Newsletter subscriber Sam Boggs, like many who suffered the joys of power outages after Hurricane Katrina, wrote to ask:
Any guidance on how to interpret the specs on UPS backup devices? I understand the primary reason for these is to give enough power for an orderly shutdown in case of power failure.
But it would be nice, if we can quickly shut down the computer, to have the remaining power available for other modest uses. Examples would be to plug cordless phones or laptop computers for a while.
A comfort-enhancing possibility is to plug a very small fan (110v, about 30W type) to run overnight to provide a little comfort when a/c is not available (such as after a storm). Obviously this little bit of stored power would not be adequate for a making toast or brewing coffee (sorry about that one!).
This would be far less expensive than a generator, but still, anything beyond about $50 wouldn’t be attractive for the rare occasions it would be needed.
Sam, that is a cool idea (pun intended), but I don’t think it would work. You would never be able to put up with the warning beep – a UPS beeps every 2-5 seconds to warn you that the power is off. You might be able to open it up and disable the beeper, but I would not consider doing that.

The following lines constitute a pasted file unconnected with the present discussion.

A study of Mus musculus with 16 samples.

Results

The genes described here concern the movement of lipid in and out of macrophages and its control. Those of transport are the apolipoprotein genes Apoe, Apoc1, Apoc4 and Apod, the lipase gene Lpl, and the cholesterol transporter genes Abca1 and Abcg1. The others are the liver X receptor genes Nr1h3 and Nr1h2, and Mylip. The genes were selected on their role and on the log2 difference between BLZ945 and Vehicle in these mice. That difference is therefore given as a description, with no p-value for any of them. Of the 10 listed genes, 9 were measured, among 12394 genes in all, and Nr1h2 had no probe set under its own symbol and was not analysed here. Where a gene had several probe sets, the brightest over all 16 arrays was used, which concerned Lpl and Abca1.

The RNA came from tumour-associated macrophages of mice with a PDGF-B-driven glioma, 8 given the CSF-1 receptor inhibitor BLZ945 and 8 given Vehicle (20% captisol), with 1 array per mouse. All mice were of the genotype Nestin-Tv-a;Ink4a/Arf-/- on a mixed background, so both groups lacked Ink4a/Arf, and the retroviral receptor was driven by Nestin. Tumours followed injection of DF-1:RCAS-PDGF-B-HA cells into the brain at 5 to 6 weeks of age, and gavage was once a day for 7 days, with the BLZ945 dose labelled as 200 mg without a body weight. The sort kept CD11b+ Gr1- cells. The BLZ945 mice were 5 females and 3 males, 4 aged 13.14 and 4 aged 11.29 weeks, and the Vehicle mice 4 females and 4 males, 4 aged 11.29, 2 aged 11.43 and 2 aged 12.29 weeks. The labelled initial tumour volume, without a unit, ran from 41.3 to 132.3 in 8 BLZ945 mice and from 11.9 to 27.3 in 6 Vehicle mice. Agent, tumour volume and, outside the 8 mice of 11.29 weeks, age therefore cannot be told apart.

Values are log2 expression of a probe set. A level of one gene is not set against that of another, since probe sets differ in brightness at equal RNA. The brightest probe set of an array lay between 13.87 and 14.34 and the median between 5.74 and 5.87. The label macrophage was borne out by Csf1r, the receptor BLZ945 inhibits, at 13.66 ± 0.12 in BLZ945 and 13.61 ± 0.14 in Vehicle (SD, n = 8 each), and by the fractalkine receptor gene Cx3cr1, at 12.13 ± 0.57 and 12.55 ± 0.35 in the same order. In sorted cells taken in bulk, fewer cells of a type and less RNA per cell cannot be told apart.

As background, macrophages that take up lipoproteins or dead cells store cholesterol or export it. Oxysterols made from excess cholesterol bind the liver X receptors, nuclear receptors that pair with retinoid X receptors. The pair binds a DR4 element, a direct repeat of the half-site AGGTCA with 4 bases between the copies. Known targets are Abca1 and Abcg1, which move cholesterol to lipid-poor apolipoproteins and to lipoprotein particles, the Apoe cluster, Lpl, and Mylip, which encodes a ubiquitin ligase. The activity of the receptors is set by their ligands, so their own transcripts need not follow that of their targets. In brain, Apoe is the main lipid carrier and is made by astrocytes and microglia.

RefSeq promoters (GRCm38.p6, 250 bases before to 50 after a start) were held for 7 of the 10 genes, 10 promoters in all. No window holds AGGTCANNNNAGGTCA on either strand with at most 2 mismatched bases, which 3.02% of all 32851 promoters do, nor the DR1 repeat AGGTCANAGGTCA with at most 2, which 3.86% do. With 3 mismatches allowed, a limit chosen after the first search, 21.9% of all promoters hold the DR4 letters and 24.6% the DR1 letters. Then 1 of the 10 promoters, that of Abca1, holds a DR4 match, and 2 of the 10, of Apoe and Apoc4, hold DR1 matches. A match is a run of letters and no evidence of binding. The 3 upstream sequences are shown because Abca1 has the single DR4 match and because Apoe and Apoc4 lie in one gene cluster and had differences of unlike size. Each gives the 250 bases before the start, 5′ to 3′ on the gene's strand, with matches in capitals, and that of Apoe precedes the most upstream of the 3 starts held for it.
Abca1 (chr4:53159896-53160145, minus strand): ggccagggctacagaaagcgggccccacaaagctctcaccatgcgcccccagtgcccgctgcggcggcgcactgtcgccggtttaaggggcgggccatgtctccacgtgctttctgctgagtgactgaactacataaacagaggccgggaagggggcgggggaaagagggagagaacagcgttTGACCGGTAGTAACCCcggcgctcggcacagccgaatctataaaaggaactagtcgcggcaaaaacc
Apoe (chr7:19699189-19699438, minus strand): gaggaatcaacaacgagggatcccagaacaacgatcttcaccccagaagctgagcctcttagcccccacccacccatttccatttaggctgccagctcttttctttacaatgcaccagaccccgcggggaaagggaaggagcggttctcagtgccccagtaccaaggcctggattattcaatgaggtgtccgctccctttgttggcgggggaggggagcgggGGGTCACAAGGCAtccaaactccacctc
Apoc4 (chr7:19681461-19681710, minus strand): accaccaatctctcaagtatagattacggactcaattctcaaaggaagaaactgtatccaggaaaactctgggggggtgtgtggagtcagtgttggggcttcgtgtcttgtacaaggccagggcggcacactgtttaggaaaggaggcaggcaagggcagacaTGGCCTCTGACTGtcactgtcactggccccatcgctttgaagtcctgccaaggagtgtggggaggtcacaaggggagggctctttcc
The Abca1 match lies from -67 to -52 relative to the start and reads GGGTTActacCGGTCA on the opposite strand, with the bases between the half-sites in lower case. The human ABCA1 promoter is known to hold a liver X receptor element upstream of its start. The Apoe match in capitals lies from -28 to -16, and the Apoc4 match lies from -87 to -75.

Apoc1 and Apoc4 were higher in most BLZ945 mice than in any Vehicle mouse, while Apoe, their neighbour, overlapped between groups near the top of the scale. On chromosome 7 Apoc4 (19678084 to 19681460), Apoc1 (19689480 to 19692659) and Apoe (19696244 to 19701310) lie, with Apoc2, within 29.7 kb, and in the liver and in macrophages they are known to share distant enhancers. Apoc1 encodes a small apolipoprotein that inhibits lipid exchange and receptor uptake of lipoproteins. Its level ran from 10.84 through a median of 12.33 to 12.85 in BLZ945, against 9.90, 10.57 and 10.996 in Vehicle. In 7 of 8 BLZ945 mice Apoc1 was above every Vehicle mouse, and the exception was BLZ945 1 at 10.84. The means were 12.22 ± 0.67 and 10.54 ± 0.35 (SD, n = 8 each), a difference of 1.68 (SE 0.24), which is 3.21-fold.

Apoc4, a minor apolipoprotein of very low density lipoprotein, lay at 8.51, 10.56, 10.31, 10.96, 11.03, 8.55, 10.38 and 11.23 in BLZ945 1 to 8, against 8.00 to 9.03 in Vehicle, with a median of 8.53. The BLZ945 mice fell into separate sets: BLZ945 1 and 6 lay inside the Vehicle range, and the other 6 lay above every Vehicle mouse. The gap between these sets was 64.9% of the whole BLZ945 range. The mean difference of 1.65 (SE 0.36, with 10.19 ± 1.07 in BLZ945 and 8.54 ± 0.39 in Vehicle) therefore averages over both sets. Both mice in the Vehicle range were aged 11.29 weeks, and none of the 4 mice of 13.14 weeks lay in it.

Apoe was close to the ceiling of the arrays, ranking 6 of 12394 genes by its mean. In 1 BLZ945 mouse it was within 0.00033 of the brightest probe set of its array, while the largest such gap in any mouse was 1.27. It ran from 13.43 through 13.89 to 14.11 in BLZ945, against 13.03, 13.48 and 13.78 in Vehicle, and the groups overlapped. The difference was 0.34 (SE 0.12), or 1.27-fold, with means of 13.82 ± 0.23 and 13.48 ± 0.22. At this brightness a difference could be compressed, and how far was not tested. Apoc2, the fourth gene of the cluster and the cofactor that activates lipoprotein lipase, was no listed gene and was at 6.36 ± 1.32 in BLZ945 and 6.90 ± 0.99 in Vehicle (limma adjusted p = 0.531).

Also, I don’t think there is enough to run a 30w fan overnight — a friend had a 1000VA one, and it could not hold his home theater pc operational to complete a 1-hour program. They really designed for temporary use to carry you through a short blackout — and to encourage you to do a safe shutdown of your computer.
For portable power, I picked up a combination battery/inverter a couple years ago at Sams for about $100. You could use the cigarette lighter socket in it to get 12V DC or turn on the inverter to get 120V AC. We used it to watch some news during our Katrina power outage — got lucky, too, because I don’t know how long it had been since it had been plugged in. The power test on it said “almost out” from the very beginning.
My unit even came with a cable with big alligator clamps and a cigarette lighter — not to jump-start the car, but to recharge the portable power supply by hooking it up to the car.
This one isn’t quite the same, but it looks like it might be what you want.